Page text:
The National Heart, Lung, and Blood Institute of the National Institutes of Health today announced that a large clinical trial of mechanical ventilator use for intensive care patients with Acute Respiratory Distress Syndrome (ARDS) has been stopped early. The decision was recommended by the study's Data Safety and Monitoring Board (DSMB) on March 10, 1999, based on data on the first 800 patients which showed approximately 25 percent fewer deaths among patients receiving small, rather than large, breaths of air from a mechanical ventilator.
The ARDS Network Study of Ventilator Management in ARDS, scheduled to end late in 1999, was stopped early so that critical care specialists could be alerted to the results.
According to NHLBI Director Dr. Claude Lenfant, "This is the first large clinical trial to demonstrate a more effective treatment for ARDS patients. The findings will improve the care of these patients and save thousands of lives each year."
ARDS is a devastating, often fatal, inflammatory lung condition that usually occurs in conjunction with catastrophic medical conditions, such as pneumonia, shock, sepsis, and trauma. Approximately 150,000 Americans are affected each year, and more than 40 percent die.
No specific therapies currently exist for these patients. Treatment involves supportive care in an intensive care unit (ICU), including use of a mechanical ventilator and supplemental oxygen to help patients breathe.
The ARDS study was designed to compare the safety and efficacy of two different methods of setting the ventilator. After informed consent was obtained, patients were randomly assigned to receive either relatively large (12 ml/kg) or small (6 ml/kg) breaths of air from the ventilator. The initial plan for the study, which began in 1996, was to enroll 1,000 patients, ages 18 and older.
Mechanical ventilators deliver breaths of oxygen-enriched air to the body and remove breaths of carbon-dioxide produced by the body. Earlier laboratory studies had suggested that small breaths from the ventilator might not remove sufficient carbon-dioxide and that large breaths might damage lung tissue. Several small clinical trials had failed to show clearly which approach was superior.
The NHLBI ARDS Clinical Network, a consortium of 10 clinical centers including 24 hospitals, developed and performed the study. The network was formed in 1994 to ensure that multiple large treatment studies on ARDS could be designed and conducted quickly. The ARDS Network is currently conducting several other studies, including two trials of anti-inflammatory drugs for ARDS.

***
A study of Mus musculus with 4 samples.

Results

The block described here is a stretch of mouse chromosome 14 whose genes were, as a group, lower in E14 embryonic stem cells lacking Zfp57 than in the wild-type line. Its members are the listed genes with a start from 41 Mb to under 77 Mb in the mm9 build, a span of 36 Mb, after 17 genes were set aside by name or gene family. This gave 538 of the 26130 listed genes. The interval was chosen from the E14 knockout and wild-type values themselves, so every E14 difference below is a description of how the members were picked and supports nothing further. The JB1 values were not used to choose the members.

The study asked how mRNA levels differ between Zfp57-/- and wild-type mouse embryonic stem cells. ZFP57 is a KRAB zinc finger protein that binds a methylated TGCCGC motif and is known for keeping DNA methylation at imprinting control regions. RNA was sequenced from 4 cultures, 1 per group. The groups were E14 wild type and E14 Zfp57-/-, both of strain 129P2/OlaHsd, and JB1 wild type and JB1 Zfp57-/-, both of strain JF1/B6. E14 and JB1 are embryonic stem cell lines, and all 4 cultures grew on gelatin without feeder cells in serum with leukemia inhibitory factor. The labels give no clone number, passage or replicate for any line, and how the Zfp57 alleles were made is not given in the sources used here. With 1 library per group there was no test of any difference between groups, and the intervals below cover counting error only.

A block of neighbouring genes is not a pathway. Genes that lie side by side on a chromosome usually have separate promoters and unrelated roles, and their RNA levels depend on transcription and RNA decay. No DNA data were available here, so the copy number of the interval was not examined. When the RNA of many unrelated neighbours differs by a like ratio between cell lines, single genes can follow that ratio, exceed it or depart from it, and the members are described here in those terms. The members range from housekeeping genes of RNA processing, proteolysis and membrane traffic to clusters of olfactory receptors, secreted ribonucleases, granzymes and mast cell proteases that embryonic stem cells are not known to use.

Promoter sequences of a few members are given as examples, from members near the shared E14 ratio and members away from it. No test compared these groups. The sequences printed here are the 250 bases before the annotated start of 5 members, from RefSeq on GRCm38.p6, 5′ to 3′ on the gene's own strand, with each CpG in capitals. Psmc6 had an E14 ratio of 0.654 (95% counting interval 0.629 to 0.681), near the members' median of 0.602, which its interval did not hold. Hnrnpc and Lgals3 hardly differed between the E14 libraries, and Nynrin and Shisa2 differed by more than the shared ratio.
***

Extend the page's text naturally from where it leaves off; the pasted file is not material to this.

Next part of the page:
The results of the ARDS study will be presented at the annual meeting of the American Thoracic Society in San Diego, CA on April 26, 1999.
Participating centers and affiliated hospitals in the ARDS Network are:
- The Cleveland Clinic Foundation and MetroHealth Medical Center, Cleveland
- Duke University Hospital and Veterans Affairs Hospital, Durham, NC
- LDS Hospital and University of Utah Hospital, Salt Lake City
- McKay-Dee Hospital, Ogden, UT
- University of California Medical Center, Moffitt-Long Hospital, and San Francisco General Hospital, San Francisco
- University of Colorado Health Sciences Center, Denver Health and Hospitals, Veterans Affairs Hospital, and Rose Medical Center, Denver
- University of Maryland Hospital, Veterans Affairs Medical Center, Johns Hopkins-Bayview Medical Center, and Johns Hopkins Hospital, Baltimore
- University of Michigan Medical Center, Ann Arbor; Hospital of the University of Pennsylvania and Thomas Jefferson University Hospital, Philadelphia
- University of Washington/Harborview Medical Center, Seattle
- Vanderbilt University Hospital, Nashville
The Coordinating Center is at Massachusetts General Hospital, Boston.
For additional information, please contact the NHLBI Communications Office, (301) 496-4236. Steering Committee Chairman Dr. Gordon Bernard and Dr. Taylor Thompson of the ARDS Network Coordinating Center also are available for interviews. Dr. Bernard can be reached through John Howser at the Vanderbilt University Medical School Public Affairs Office at (615)-322-4747 and Dr. Thompson through the Massachusetts General Hospital Public Affairs Office at (617) 726-2206.